Stressed and Anxious
Common Sense Tips to Deal with Fatigue
Do you feel tired all the time? Feel like sleeping after your lunch break? Have you experienced that there are days that you're energy is so low? Probably you are overworked or stressed? You may be experiencing fatigue. Fatigue is a common health complaint. Around 20% of Americans experience excessive fatigue that is enough to interfere with their normal life. Fatigue, also known as weariness, tiredness, lethargy, exhaustion is generally defined as a feeling of lack of energy and motivation. It is not the same as drowsiness, but the desire to sleep may accompany fatigue. Fatigue is a symptom, rather than a specific disease or disorder.
People who are fatigued feel tired all the time in both body and mind. It is thought that between three and 10 percent of patients visit their doctors because of fatigue. A person suffering from fatigue has slowed reflexes and reduced function in daily life. Excessive fatigue is also a known risk factor in workplace and car accidents. Fatigue can trigger from a variety of causes such as undiagnosed medical conditions, unhealthy lifestyle choices, workplace issues, emotional concerns and stress.
It can also be caused by a number of factors working in combination. Many diseases and disorders can trigger fatigue, including flu, anemia, sleep disorders, tuberculosis, hepatitis, chronic pain, heart and lung problems. Malnutrition, obesity and vitamin deficiency can also rouse fatigue. Excessive workload, the lack and too much of exercise can also make a person worn out and experience fatigue. Common lifestyle choices such as too much sleep, alcohol, drugs, sleep disturbances, and poor diet are also factors that influence the development of fatigue. Individual circumstances such as events that impact a person can also cause fatigue. These may include personal illness or injury, illnesses or injuries in the family, unhealthy personal relationships, too many commitments or financial problems. The ultimate decrease in blood pressure also means a decrease in the amount of work the heart is doing, which can lead to a feeling of fatigue. Sometimes, the drug works not only on the heart, but also on the central nervous system. Muscle relaxants work to decrease the contraction of muscles.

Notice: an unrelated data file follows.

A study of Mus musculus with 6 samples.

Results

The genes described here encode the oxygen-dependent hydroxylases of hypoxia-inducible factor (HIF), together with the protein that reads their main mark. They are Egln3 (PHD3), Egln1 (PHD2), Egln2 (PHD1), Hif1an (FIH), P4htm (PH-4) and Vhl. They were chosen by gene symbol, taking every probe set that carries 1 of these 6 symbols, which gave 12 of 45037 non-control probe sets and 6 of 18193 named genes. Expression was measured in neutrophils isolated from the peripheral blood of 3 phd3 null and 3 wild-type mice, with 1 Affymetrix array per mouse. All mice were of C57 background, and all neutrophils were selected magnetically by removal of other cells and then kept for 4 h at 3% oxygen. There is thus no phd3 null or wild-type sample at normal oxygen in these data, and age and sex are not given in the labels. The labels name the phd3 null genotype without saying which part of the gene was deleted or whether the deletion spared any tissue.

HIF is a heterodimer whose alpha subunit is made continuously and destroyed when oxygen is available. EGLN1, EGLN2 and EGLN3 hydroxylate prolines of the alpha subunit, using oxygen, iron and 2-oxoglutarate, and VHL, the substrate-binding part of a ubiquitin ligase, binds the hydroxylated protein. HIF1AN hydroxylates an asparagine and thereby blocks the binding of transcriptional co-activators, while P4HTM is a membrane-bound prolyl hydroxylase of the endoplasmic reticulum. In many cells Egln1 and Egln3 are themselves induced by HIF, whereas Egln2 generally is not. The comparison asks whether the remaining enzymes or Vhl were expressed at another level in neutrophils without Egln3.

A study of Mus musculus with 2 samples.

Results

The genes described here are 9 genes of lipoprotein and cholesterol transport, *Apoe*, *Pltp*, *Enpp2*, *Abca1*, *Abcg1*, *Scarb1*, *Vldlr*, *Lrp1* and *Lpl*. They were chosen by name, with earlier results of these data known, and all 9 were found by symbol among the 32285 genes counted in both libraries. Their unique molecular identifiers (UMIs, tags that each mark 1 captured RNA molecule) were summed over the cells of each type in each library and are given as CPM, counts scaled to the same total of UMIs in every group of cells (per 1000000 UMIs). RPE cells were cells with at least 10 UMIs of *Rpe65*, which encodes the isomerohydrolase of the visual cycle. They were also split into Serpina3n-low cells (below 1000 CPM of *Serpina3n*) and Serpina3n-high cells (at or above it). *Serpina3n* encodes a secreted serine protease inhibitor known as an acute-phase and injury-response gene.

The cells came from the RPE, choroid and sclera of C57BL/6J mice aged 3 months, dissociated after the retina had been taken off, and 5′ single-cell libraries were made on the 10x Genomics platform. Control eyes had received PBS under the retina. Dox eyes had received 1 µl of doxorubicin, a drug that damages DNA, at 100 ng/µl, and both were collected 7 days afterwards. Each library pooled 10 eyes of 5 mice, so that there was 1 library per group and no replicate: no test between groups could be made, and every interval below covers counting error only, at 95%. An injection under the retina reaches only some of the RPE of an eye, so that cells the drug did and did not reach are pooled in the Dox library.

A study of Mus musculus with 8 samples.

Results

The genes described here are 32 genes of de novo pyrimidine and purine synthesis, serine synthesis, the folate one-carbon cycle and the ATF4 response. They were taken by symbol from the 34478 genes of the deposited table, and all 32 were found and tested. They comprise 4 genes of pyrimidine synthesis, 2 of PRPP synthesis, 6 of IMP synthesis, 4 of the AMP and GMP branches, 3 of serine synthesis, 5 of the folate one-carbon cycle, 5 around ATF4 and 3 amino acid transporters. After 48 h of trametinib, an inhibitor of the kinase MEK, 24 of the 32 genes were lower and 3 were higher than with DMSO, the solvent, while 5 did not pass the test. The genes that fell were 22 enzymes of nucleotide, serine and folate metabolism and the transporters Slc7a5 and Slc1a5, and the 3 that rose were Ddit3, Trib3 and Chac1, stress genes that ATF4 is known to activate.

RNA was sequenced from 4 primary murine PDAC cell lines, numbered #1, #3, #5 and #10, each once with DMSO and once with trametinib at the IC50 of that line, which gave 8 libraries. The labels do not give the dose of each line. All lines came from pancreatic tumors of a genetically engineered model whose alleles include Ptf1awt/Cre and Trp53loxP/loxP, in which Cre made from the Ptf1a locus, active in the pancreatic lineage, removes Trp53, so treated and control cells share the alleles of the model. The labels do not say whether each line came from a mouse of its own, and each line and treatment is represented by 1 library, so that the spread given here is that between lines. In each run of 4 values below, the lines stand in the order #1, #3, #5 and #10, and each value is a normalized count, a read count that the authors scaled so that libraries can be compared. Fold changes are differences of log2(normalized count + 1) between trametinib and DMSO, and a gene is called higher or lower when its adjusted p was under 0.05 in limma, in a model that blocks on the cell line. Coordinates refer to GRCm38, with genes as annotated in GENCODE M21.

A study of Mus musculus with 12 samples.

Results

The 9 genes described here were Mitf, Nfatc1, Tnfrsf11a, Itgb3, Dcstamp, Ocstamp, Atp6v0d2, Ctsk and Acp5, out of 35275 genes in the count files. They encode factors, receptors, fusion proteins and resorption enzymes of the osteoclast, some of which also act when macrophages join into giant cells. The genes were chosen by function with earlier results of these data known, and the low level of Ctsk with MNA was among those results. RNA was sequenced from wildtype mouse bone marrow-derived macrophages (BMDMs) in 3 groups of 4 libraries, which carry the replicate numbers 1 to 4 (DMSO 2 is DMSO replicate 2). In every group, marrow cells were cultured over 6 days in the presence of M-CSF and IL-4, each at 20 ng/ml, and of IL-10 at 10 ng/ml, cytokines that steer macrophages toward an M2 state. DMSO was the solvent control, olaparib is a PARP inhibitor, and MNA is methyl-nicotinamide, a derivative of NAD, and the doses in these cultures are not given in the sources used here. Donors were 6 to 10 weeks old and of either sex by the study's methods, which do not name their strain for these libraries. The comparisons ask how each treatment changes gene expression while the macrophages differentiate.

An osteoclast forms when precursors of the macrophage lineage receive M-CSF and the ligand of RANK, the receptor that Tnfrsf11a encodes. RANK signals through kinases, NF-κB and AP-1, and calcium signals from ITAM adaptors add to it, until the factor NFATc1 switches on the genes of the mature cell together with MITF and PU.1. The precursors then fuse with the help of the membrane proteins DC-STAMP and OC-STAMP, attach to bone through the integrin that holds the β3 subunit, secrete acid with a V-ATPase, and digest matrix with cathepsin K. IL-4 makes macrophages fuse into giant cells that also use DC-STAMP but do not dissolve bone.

This relaxation can lead to total body relaxation, which may cause an individual to feel fatigued. To battle fatigue, take some of the pressure out of the day. Take a midday stroll or get up 15 minutes earlier to give yourself more time to start your day. Whether you walk, garden or swim, once you get moving, you'll likely notice you have more stamina. Try to include at least 30 minutes of moderate physical activity. While 30 minutes is the minimum recommendation, you may need up to an hour of moderate activity daily to maintain fitness and a healthy weight. Set priorities and learn to say no. Put aside a time each day to do something you enjoy. Fatigue can be a normal and important response to physical exertion, emotional stress, boredom, or lack of sleep. However, it can also be a nonspecific sign of a more serious psychological or physical disorder.
If fatigue is not relieved by enough sleep, good nutrition, or low-stress environment, an evaluation by a doctor is advised. Because fatigue is a common complaint, sometimes a potentially serious case may be overlooked, leading to a more severe illness.